Parents with children suffering from clubfoot conditions have been advised to seek early treatment to correct the deformity.
According to the Head of Orthopaedics and Trauma at the 37 Military Hospital in Accra, Lt Col Delali Adzigbli, over time, society had made most parents believe that the condition was incurable, leading to many children becoming deformed when indeed the condition could have been corrected at an early stage.
Lt Col Adzigbli, who gave the advice at a function organised by Hope Walks, an NGO, to commemorate this year’s World Clubfoot Day, added that people must do away with the stigma and other myths surrounding the condition and seek help right after birth.
"Clubfoot is a very correctable deformity; it is a condition that if properly managed could be corrected. It is not a condition that happens because you were cursed. It happens spontaneously but it can be corrected.
"Do not hide your child, bring them over to the hospital and let us assess them and give them the right treatment," he said.
According to him, a child as old as 12 years could be assessed and put on the right treatment procedure.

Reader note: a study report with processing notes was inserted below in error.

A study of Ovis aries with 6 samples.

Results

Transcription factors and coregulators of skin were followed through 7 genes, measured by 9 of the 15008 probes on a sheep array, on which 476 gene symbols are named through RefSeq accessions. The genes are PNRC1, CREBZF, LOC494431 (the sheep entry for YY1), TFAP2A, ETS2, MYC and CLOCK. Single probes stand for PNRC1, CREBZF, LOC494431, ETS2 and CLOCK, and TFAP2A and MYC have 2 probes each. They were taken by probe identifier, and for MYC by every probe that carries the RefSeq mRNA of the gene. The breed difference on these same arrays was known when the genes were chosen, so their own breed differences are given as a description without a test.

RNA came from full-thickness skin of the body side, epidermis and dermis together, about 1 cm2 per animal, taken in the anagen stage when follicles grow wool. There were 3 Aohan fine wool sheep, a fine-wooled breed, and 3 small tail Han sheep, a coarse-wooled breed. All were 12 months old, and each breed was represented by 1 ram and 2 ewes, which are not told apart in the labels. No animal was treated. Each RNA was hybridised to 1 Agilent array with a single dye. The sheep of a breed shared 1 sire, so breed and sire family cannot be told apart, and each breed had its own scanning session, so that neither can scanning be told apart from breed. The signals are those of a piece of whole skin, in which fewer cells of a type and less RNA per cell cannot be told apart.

Clubfoot is a deformity present at birth that causes a baby's foot to turn inward and downward.
On average, there are almost 180,000 children born with the deformity around the world every year and if not treated it can cause severe disability.
The Programs Manager of Christian Health Association Ghana (CHAG), and Hope Walk Footclub Project, Nana Afua Adutwumaa Adjeitey, said through the collaboration of the two organisations, children in the country could now have access to free clubfoot condition treatment at the 37 Military Hospital, Gbawe SDA Hospital, Accra, St John of God Hospital at Duayaw-Nkwanta in the Bono-Ahafo Region, the SDA Hospital in Kwadaso-Kumasi and the Tamale Teaching Hospital.
"So we are encouraging the public that they should not stay at home or stigmatise against somebody who has clubfoot," she said.
Ms Adjeitey further encouraged parents to be consistent with the treatment process for better results so that the condition does not lead to a relapse which could have a negative impact on the child.
Clubfoot not a curse
The Parent Advisor at the 37 Military Hospital Children's Ward, Joseph Andrews, said although many babies suffered the condition annually, parents did not know where to seek treatment.
That, he said, had caused separation in some families with some parents abandoning their babies.
"Some of the many excuses some parents give is that they believe it is a curse. Maybe the mother abused someone verbally and as a result, the person cast a spell on the baby.
“But it is important to say that we do not only treat babies but give them all the emotional support they need to correct their mindsets," Mr Andrews added.